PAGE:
Manitoba creates new provincewide approach for finding missing people

The Manitoba Government says it’s spending $2.1 million to create a provincewide missing persons response unit.

The Manitoba Integrated Missing Persons Response unit will allow for information exchange between the Manitoba RCMP, Winnipeg Police Services, and Child and Family Services as well as Indigenous advocacy groups including the Manitoba Keewatinowi Okimakanak (MKO).

“Investing in this integrated unit prioritizes the wellbeing of Manitobans who are harmed by violence through dedicated integrated resources, to investigate and address the issues such as child abuse and exploitation, human trafficking and chronically missing persons,” says Justice Minister Kelvin Goertzen.

The money comes from the justice department’s $52 million Violent Crime Strategy budget.

Winnipeg Police Service chief, Danny Smyth says the unit will have a focus on two key areas where people are most vulnerable.

“One of them is when people are transitioning to Winnipeg, often from remote communities or rural communities […] but they’re not used to the dangers and the harms that can come with the city and they become vulnerable,” says Smyth.

“The other area that we see a focus on is we have quite a number of children that are in care and often they’re housed in group homes here in the city and have a tendency to take off from those group homes.”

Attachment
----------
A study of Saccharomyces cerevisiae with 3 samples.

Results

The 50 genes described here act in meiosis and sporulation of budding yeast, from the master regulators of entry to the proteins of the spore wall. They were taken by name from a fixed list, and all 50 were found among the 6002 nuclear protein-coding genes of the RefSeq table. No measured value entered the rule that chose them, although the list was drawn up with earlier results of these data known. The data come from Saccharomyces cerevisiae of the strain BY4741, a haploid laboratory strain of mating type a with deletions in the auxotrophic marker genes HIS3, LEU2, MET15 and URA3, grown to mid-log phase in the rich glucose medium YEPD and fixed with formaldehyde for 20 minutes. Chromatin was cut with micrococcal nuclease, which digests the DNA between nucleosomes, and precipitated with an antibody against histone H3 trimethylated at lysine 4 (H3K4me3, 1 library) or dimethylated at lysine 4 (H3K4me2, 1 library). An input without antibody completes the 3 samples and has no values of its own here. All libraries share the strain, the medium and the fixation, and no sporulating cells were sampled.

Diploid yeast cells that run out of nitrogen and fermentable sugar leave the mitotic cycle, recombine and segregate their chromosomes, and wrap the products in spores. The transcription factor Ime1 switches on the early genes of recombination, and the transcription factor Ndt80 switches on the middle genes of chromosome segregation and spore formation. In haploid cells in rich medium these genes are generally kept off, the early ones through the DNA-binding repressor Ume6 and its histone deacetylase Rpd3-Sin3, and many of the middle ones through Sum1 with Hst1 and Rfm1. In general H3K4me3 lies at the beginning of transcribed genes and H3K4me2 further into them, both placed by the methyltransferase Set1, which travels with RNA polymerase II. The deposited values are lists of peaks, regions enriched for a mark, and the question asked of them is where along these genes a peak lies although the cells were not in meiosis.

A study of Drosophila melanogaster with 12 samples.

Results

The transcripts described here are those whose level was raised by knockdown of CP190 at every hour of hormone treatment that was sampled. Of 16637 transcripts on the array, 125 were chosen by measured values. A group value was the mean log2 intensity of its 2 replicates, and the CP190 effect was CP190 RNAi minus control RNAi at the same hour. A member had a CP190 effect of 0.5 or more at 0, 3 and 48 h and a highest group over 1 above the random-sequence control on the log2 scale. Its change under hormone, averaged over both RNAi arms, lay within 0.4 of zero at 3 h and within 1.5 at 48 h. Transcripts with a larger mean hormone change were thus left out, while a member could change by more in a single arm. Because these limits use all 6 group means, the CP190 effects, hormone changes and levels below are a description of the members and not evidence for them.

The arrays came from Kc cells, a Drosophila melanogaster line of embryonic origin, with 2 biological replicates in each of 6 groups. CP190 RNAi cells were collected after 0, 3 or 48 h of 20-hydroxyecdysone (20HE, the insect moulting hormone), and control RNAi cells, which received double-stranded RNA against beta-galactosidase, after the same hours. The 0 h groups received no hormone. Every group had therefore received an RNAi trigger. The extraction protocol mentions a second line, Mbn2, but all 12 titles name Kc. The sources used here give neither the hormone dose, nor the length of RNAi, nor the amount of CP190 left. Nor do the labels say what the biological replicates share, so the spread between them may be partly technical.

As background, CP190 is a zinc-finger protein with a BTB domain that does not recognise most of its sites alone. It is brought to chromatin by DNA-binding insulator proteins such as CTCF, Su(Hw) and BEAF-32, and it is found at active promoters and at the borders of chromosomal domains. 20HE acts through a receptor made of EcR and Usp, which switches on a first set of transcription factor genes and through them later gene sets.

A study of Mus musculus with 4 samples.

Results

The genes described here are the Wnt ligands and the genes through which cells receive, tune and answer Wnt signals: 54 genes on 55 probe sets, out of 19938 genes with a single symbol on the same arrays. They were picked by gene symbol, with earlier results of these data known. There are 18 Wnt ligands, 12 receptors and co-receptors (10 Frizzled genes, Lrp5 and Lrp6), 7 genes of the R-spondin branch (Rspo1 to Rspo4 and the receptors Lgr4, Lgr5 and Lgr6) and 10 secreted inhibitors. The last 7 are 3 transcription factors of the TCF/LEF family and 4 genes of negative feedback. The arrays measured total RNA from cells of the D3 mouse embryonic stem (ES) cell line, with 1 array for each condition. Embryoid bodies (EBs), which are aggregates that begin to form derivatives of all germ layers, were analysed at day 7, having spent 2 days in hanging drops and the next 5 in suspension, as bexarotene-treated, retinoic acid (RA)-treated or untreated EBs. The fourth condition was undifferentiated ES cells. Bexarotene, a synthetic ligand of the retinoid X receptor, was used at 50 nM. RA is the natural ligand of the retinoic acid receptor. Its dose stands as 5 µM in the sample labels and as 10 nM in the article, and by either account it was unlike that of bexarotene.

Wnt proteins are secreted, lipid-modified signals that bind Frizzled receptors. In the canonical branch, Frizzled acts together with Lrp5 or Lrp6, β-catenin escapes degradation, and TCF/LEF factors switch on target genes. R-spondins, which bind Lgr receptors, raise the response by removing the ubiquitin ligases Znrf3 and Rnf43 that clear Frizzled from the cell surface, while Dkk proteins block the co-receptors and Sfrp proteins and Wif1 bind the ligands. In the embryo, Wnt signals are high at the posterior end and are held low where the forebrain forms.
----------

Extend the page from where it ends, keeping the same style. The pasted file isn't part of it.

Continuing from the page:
The Manitoba government says that establishing the unit “aligns directly with several recommendations of the final report of the National Inquiry into Missing and Murdered Indigenous Women and Girls.”

Heidi Spence, the MMIWG liason for MKO, says the move will better assist rural and remote communities throughout the province.

“[At the MKO’s MMIWG Liason Unit] we often hear and support families of loved ones who go missing from, you know, our communities in the north and in the south,” says Spence. “Sometimes we have information that they may be in a large urban setting like Winnipeg”

According to the Manitoba RCMP, there are an average of 10 missing persons reports a day in the province.

He says that in 2022, over half of those came into northern detachments.

Spence says the provincewide approach will help connect these communities with more resources.

“It’s going to help with the resources and better communication to be able to give answers to the families and the loved ones of our women, girls, and 2slgbtq people that are missing in the province.”

Goertzen points out that the province’s capital has its own high rates of missing persons.

He says that in Winnipeg alone last year there were 9,315 missing person incidents reported.

“That’s 25 missing persons each and every day, that’s more than one an hour,” says Goertzen.

Goertzen says that police and CFS will have room within the response unit to make sure plans are in place for youth in care who go missing.

“In 2021, 63 per cent of missing children were runaway girls. It is entirely unacceptable and we must do more to intervene to protect children and families and ensure the safety of young people,” he says.